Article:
Note from the Editors: In January 2013 Middle Georgia College merged with Macon State College to form Middle Georgia State College (later Middle Georgia State University). This article chronicles the history of Middle Georgia College from its founding until the time of the merger.
Middle Georgia College is a comprehensive two-year college within the University System of Georgia. In addition to its main campus in Cochran and selected off-campus sites, the college collaborates with Georgia Southern University to offer courses at the Dublin Center in Dublin. The school serves students in central Georgia, traditional and nontraditional students from around the state, and, to a limited extent, students from other states and countries.
The college was established in 1884 by the New Ebenezer Baptist Association, which was largely composed of Baptist churches in Dodge, Laurens, Pulaski, and Telfair counties. The college’s first building was constructed during 1885 and 1886, and instruction began in January 1887 with an enrollment of approximately 100 students, most of whom were from the middle Georgia area. During this early period, the institution was divided into preparatory and collegiate departments. A stated purpose of the 1887 curriculum was “to prepare pupils for business or for the Junior Class in Universities. This includes Latin, Greek, Mathematics, Natural Science and several modern languages, with English studies and Music.”
New Ebenezer College served as an institution of higher education until 1898, when the association discontinued its support. The college’s building subsequently served as the high school for the city of Cochran until 1913. A lack of documentation suggests that the campus remained unoccupied from 1913 to 1919.
In 1906 the state legislature passed the Perry Act, which established an agricultural and mechanical school in each of the state’s congressional districts. Such a school for the Twelfth Congressional District was authorized in August 1917 as a branch of the Georgia State College of Agricultural and Mechanic Arts, a department of the University of Georgia. The new school opened its doors on the former campus of New Ebenezer College in October 1919.
In 1927 the institution underwent a name change to Middle Georgia Agricultural and Mechanical Junior College, and the final name change to Middle Georgia College occurred in 1929. The college became one of the original units of the University System of Georgia in 1932, when that system was created, and received accreditation by the Southern Association of Secondary Schools and Colleges in 1933.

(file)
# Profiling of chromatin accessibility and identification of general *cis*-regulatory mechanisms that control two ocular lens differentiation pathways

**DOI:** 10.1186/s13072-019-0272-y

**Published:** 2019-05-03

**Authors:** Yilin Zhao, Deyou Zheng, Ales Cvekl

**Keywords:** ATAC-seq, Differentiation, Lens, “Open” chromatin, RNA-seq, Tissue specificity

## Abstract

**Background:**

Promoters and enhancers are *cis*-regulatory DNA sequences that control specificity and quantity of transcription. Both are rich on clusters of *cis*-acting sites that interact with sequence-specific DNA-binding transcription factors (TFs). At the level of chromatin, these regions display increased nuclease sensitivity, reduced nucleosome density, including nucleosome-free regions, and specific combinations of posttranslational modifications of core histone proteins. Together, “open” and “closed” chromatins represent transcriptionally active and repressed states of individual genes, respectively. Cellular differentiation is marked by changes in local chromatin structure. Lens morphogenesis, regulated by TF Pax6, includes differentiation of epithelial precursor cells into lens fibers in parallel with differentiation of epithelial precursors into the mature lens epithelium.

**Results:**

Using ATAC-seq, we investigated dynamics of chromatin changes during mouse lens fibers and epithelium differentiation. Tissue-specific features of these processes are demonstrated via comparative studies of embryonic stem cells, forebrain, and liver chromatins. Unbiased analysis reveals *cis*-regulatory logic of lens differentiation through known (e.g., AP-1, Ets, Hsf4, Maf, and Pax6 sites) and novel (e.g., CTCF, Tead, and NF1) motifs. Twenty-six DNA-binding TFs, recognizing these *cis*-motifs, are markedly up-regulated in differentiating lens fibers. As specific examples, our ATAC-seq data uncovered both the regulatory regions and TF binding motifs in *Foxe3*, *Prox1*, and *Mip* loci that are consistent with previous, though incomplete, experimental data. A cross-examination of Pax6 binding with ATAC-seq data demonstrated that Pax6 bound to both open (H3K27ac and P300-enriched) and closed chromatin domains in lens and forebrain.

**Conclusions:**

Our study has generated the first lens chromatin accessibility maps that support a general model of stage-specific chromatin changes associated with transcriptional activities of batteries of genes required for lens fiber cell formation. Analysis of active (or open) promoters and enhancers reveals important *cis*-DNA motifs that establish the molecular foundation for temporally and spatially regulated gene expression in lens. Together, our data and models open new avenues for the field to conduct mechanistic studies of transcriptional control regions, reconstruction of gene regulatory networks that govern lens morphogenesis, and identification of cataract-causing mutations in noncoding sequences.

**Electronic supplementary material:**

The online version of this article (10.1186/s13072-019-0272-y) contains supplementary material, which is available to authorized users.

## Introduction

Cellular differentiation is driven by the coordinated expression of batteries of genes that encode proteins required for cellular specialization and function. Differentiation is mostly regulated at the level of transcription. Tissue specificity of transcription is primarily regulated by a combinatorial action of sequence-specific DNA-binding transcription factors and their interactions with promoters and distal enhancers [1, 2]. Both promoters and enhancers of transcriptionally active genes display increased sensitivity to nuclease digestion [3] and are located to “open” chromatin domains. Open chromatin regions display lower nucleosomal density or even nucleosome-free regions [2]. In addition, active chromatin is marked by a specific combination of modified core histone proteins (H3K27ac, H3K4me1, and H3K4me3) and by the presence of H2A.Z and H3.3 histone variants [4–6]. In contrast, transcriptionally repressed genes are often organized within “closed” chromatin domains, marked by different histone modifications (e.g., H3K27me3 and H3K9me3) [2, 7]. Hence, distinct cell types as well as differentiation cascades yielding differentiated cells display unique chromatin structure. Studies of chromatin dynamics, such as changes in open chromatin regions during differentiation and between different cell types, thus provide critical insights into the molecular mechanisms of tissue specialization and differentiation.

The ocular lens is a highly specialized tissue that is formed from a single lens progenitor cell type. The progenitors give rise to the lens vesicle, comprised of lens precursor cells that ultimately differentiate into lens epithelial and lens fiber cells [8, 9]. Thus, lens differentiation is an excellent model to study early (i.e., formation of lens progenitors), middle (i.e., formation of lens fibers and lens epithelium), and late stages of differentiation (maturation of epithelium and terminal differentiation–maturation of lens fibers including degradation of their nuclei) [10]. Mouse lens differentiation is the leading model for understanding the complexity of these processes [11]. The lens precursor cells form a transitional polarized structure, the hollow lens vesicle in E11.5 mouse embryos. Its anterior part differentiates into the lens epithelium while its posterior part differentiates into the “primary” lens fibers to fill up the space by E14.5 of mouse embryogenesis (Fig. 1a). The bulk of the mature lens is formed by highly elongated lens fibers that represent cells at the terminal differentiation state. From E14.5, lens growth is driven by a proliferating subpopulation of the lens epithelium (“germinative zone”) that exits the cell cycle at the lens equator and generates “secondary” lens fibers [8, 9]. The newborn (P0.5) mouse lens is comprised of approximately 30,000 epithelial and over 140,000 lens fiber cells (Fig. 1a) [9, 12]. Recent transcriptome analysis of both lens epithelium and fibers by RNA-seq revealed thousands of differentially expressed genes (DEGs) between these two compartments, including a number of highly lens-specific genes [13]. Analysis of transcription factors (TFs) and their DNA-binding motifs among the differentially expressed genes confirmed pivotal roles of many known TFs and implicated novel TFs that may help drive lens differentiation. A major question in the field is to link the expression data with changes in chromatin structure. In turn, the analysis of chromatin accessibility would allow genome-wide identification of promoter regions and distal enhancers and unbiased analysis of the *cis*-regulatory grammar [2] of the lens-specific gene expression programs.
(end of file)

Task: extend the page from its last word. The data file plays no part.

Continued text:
During World War II (1941-45), the college hosted one of the many pilot-training programs created across the country, and from March 1943 to July 1944, it was home to the Fiftieth College Training Detachment of the U.S. Army Air Force. The program graduated seventeen classes, preparing aviation students for pilot, bombardier, or navigator training. Prior to this, Middle Georgia College had served in a similar capacity for the U.S. Navy.
In 1958 Middle Georgia College underwent a voluntary institutional self-study and a Southern Association of Colleges and Schools (SACS) evaluation, becoming the first public junior college in the Southeast to obtain SACS reaccreditation. The Dublin Center opened in 1984. Academically and physically, Middle Georgia College continues to grow. In 2007 Georgia Aviation Technical College in Eastman merged with Middle Georgia College to form the Middle Georgia College Aviation Campus.
Programs and Services
Middle Georgia College provides a wide range of programs and services, both for its student population, which numbered 2,627 on the Cochran and Dublin campuses in fall 2004, and for the wider community. A leader among the university system’s two-year colleges in the acceptances and transfers of its students to four-year institutions, Middle Georgia College offers transfer programs in the humanities, sciences, and social sciences, as well as in preprofessional areas. These programs prepare students for entry into, and the successful completion of, baccalaureate degree programs at senior colleges and universities. General education courses make up an integral part of all transfer and career program curriculums, and learning support programs are provided for students who need to improve basic academic skills. Student support services enhance student learning and provide a campus environment conducive to personal development, while community service programs offered by the college support the economic and cultural development of surrounding communities.
Career programs are offered at both the associate degree and certificate levels. The school’s pre-engineering programs, including the Regents Engineering Transfer Program, have earned a statewide reputation for excellence. Career programs with an emphasis in allied health and nursing are offered to meet the demands of area business and industry.